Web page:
From an oppressed young girl destined to die in flames of Sati to becoming a firebrand of revolution, the play ‘Lapat’ through the character of Meera, highlights the conditions of India in 1857, delves into the nuances of colonization and the mental tragedy it caused to the ordinary people. For the first time in the history of JKK, a theatre production was presented by underprivileged children.
July 3, 2022 became a significant day in the history of Pink City’s art and culture center, Jawahar Kala Kendra, as for the first time a grand theatre production was presented by underprivileged children. As many as 27 children of Sitaram Nagar Kachhi Basti performed a powerful play ‘Lapat’, directed by theatre artiste, Mudita Choudhary, which highlighted the conditions of the country in 1857 as well as women’s contribution to the fight for independence. The play was jointly organized by Jawahar Kala Kendra and Indian Women Impact NGO, the social arm of Indian Women Blog.
Celebrating the unsung warriors of freedom
Though India’s freedom struggle saw a significant participation of women, many heroines of independence have remained invisible to this day – unknown and unsung. The few freedom fighters who made it into history books invariably came from elite or middle class backgrounds. However, there were innumerable ordinary women, with no formal education, hailing from poverty-stricken, conservative homes, who got involved in the struggle with undaunted spirit and fierce passion. Through the character of Meera, the play’s protagonist, the drama celebrates the forgotten contribution of such unheard warriors of freedom.
Based on Supriya Kelkar’s novel ‘Strong as Fire, Fierce as Flame’, the play is a story of Meera and how her character evolves from an oppressed young girl destined to die in flames of sati to a firebrand of revolution.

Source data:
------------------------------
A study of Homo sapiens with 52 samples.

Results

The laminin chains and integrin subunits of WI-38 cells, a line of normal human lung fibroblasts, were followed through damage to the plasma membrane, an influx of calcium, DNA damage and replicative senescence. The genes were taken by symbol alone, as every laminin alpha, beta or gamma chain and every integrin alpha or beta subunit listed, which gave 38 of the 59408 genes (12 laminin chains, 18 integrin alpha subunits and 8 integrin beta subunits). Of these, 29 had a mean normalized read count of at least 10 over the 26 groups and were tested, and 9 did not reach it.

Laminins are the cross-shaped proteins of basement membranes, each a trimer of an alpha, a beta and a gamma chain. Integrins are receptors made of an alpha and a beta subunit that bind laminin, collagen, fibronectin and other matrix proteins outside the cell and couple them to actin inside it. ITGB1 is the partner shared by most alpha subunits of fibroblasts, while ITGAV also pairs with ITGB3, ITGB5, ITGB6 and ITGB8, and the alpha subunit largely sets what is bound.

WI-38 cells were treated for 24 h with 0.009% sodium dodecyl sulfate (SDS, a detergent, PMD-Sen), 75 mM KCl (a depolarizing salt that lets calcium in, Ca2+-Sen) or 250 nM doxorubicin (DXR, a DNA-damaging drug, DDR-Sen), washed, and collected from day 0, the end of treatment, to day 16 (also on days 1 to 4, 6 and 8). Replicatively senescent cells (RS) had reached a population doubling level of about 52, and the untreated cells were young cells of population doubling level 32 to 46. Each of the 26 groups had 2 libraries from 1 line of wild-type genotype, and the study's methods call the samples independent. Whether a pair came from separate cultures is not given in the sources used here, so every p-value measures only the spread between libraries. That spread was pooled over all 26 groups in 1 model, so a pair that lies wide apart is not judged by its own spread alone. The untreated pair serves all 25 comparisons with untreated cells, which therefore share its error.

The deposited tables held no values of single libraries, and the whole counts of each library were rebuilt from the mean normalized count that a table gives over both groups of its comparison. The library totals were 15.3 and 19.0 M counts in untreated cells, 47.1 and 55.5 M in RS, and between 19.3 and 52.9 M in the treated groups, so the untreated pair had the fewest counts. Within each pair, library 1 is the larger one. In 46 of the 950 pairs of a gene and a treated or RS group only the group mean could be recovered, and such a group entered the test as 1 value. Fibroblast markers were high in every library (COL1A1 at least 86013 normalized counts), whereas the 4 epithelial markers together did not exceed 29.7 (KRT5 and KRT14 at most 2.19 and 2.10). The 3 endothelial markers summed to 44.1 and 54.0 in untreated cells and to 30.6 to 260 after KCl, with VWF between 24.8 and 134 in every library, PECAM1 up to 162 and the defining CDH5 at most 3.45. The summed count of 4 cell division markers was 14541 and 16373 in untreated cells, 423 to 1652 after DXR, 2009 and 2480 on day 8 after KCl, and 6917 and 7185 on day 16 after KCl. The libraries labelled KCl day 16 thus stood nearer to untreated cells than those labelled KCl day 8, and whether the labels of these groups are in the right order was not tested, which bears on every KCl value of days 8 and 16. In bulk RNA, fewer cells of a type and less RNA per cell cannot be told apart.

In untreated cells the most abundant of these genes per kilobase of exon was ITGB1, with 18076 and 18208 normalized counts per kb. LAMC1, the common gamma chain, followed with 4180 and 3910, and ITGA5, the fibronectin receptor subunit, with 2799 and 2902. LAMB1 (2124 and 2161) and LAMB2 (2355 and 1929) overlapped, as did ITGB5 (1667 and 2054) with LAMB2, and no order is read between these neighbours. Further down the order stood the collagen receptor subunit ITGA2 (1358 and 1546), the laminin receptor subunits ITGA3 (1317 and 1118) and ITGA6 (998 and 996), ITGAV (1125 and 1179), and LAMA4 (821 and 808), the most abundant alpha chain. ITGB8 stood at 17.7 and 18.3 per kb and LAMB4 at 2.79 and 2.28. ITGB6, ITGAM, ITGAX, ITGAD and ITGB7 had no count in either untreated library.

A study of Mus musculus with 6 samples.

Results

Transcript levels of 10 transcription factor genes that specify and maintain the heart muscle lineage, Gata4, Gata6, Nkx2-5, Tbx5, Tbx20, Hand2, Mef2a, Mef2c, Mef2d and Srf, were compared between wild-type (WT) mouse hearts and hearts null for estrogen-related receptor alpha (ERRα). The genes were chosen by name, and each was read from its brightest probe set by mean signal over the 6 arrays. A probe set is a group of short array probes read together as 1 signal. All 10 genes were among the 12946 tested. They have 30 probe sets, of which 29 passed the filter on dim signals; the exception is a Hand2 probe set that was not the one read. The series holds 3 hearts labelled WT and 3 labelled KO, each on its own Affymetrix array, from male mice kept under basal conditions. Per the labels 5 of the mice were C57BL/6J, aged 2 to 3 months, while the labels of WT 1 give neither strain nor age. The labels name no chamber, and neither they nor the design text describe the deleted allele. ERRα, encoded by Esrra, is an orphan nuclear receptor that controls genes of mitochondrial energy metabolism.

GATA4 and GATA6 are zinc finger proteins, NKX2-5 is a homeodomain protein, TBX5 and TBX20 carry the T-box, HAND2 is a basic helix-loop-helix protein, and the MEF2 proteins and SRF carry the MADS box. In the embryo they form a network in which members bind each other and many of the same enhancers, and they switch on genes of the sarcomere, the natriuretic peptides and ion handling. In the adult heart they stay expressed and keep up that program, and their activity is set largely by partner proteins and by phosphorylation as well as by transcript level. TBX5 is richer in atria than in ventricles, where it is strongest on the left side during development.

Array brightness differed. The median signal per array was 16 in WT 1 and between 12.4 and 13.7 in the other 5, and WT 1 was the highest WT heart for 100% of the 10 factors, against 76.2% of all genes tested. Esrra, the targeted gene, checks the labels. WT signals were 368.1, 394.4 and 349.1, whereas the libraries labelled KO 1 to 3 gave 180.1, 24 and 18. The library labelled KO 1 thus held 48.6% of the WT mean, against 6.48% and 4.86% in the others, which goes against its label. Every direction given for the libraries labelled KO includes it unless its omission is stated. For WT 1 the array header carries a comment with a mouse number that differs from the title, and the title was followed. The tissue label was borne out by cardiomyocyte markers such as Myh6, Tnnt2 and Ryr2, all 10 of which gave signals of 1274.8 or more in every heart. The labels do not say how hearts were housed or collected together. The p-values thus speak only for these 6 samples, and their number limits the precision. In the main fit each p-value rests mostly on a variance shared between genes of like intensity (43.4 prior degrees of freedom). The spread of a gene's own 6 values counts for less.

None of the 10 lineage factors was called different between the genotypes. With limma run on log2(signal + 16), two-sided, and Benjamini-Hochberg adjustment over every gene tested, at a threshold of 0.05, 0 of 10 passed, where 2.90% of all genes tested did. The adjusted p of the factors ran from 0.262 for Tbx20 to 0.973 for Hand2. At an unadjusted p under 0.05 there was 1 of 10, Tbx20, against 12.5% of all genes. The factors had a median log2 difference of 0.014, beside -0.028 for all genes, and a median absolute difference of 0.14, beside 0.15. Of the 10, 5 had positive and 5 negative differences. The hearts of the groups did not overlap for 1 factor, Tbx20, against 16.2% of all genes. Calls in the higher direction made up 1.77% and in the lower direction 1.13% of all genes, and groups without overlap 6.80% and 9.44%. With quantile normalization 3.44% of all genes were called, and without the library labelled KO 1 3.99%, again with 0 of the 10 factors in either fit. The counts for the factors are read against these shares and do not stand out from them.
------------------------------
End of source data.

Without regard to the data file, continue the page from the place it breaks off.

Play’s characters and their portrayal stuns the audience
In addition to the character of Meera (played by Anjali), who is the play’s protagonist, characters like Bhavani (played by Kiran) and Charan (played by Ritu) completely won the hearts of the audience. Meera’s friend Bhavani is the daughter of a martyred freedom fighter. She wants to avenge the death of her father from the British. In their fight against the British, a woman named Charan, who has been a part of British Army as a man for a long time, also supports her.
The character of a quintessential white ‘memsaab’, deftly played by Varun, left the audience completely in splits. It was only during the cast credits at the end of the show that it was revealed that the character was actually played by a boy.
Rigorous Training Process
The children who performed in the play went through a scrupulous training process as a part of a 40-day summer camp designed for them. They learnt various aspects of theatre such as speech training, body language, voice modulation, among others. Sharing her experience of being a part of the play and the training, Anjali who played the role of Meera said: “Being on such a huge stage was initially quite overwhelming and it made me anxious. But gradually I became confident and worked on my voice and body language. Now I am looking forward to participating again in theatre.”
”Weekly lectures were also conducted for the children with the Head of History Department, Rajasthan University, Dr. Sangeeta Sharma to help the kids immerse into the era and deliver the performance with historic accuracy.
“Some stories damage your confidence but some make you more courageous. Young girls need inspiration like Uda Devi, a Dalit woman who fought against the British East India Company. Similarly, Kamladevi Chattopadhyay and Sarojini Naidu demanded valiant roles in the Dandi March. There are no archival sources or documents in which we can find such stories so we have to make an effort to make them a part of our history books, drama and art, so that the younger generation knows that both men and women made equal contributions to various movements”, says Dr. Sangeeta Sharma while talking about the importance of discovering unknown women’s stories from history.
The play was preceded by an exhibition of the historic portraits of women freedom fighters recreated by the children of Indian Women Impact.
‘Back to School’ Programme
The play was an outcome of the never-happened before summer camp under the ‘Back to School’ Programme. The camp gave opportunity to 250 underprivileged children from Sitaram Nagar Kachhi Basti who availed unique workshops such as theatre, robotics, personality development, Graphic Design, French Language Program, Financial Literacy, Media Lab, Science Experiments, Film making and many others.